Motivation is our drive to meet basic and higher needs and pursue desires. It energizes us and directs our behavior. We need to be able to meet our more basic needs before we can expect to meet higher needs.
Basic and higher needs:
- Belonging – love, acceptance
- Survival – hunger, thirst, safety, shelter
- Esteem – achievement, competence, approval, recognition
- Self Actualization – personal growth, improvement
Motivation is a powerful force for change and growth. It can focus behavior on goals, increase effort, energy and persistence, improve thinking and performance, and enhance self-confidence and self-esteem.
Where Does Motivation Come From?
The source of motivation can be internal or external, positive or negative. Positive motivation involves obtaining desired or pleasant consequences (rewards) while negative motivation involves escaping or avoiding undesired, unpleasant consequences. Internal motivators are often more powerful and enduring than external ones.
Examples of internal motivators include:
Examples of external motivators include:
- Good grades
- Disapproval from others
Business consultants and life coaches will say there is no simple formula for motivation, but expectancy theory makes an attempt at one (based on Vroom, V. H. (1964). Work and motivation. New York: Wiley):
Motivation = Perceived likelihood of success x Belief that success will lead to reward x Value of reward
This formula indicates that the more you believe you can succeed, that your success will be rewarded, and that the rewards will be great, the higher your motivation will be. We are most motivated when we feel capable, responsible, self-directed, respected, and hopeful.
Blocks to Motivation
When motivation is external, it tends to wane when the source is absent. Most children rebel against their parents’ attempts to motivate them to keep their rooms clean. When we grow up and are living on our own, most of us are able to keep our living spaces relatively neat. This is because internal motivation eventually takes the place of our parents. We find our own important reasons for keeping our rooms clean.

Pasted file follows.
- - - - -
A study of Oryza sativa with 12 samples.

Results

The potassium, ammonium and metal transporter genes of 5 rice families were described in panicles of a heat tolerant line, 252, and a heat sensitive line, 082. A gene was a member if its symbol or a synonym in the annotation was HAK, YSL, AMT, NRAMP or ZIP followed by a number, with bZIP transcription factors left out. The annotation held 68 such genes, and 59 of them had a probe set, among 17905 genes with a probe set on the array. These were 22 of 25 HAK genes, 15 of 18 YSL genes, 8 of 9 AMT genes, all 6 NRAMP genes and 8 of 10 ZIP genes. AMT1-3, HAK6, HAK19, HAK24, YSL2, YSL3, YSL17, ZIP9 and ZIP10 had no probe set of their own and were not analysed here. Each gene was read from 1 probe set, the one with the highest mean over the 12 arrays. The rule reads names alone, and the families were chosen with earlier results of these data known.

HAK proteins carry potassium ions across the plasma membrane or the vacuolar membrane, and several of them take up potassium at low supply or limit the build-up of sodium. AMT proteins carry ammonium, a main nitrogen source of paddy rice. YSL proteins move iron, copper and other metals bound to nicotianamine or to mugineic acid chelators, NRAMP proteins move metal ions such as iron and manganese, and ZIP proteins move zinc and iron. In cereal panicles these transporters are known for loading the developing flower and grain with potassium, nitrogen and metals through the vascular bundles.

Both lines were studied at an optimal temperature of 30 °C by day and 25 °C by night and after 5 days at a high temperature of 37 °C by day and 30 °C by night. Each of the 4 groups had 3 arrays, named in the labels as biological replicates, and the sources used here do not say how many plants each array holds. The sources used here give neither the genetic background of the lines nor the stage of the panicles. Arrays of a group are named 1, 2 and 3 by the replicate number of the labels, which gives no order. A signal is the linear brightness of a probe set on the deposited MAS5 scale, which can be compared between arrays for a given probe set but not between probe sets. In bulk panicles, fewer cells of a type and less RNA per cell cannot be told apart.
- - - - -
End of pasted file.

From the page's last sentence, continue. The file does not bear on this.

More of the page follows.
Even internal motivation has its challenges. Many of us start out with high motivation, but we find it fading as time passes. This can be due to poor planning and limited short term rewards (see entry on goal setting). It can also be due to poor self-confidence or lack of resources to succeed. Or we may discover that the rewards we anticipated aren’t as powerful as the challenges we meet and sacrifices we make along the way.
Some common blocks to motivation include:
- Fear of failure
- Fear of success (success leads to greater expectations from others as well as increased independence and responsibilities which can be overwhelming)
- External locus of control – relying on luck, not taking responsibility, feeling that others will stand in your way
Since internal motivation is more enduring and we work hard for rewards, it makes sense that finding internal and positive reasons for doing what you are doing is essential to staying motivated. Ask yourself why you are doing something – then ask five more times to see if you can find an internal and positive motivation. For example, lets say you want to become more organized.
- Why do I want to be more organized? So that my house will be neater and cleaner.
- Why do I want my house to be cleaner? So that I can find things more easily.
- Why do I want to find things more easily? So that I can be more efficient.
- Why do I want to be more efficient? So that I can save time.
- Why do I want to save time? So that I can spend more time relaxing and enjoying my family.
From the motivation formula mentioned above, you can see that self-confidence is also an important factor in motivation. Believing in yourself increases your perception of likelihood for success and increases your confidence that you can manage that success once you get there. Know your strengths and weaknesses and capitalize on natural talents and interests to increase your chances for success. Choose a source of inspiration and surround yourself with successful people to remind you it can be done and what you stand to gain by succeeding.
Build in smaller, short-term rewards along the way. The further away you are from your ultimate goal, the more likely you are to lose steam as time passes. Breaking tasks into manageable pieces, each with their own rewards, will help you stay on task and remind you of what you are working so hard for. Incremental rewards will also help prevent you from being overly discouraged by setbacks.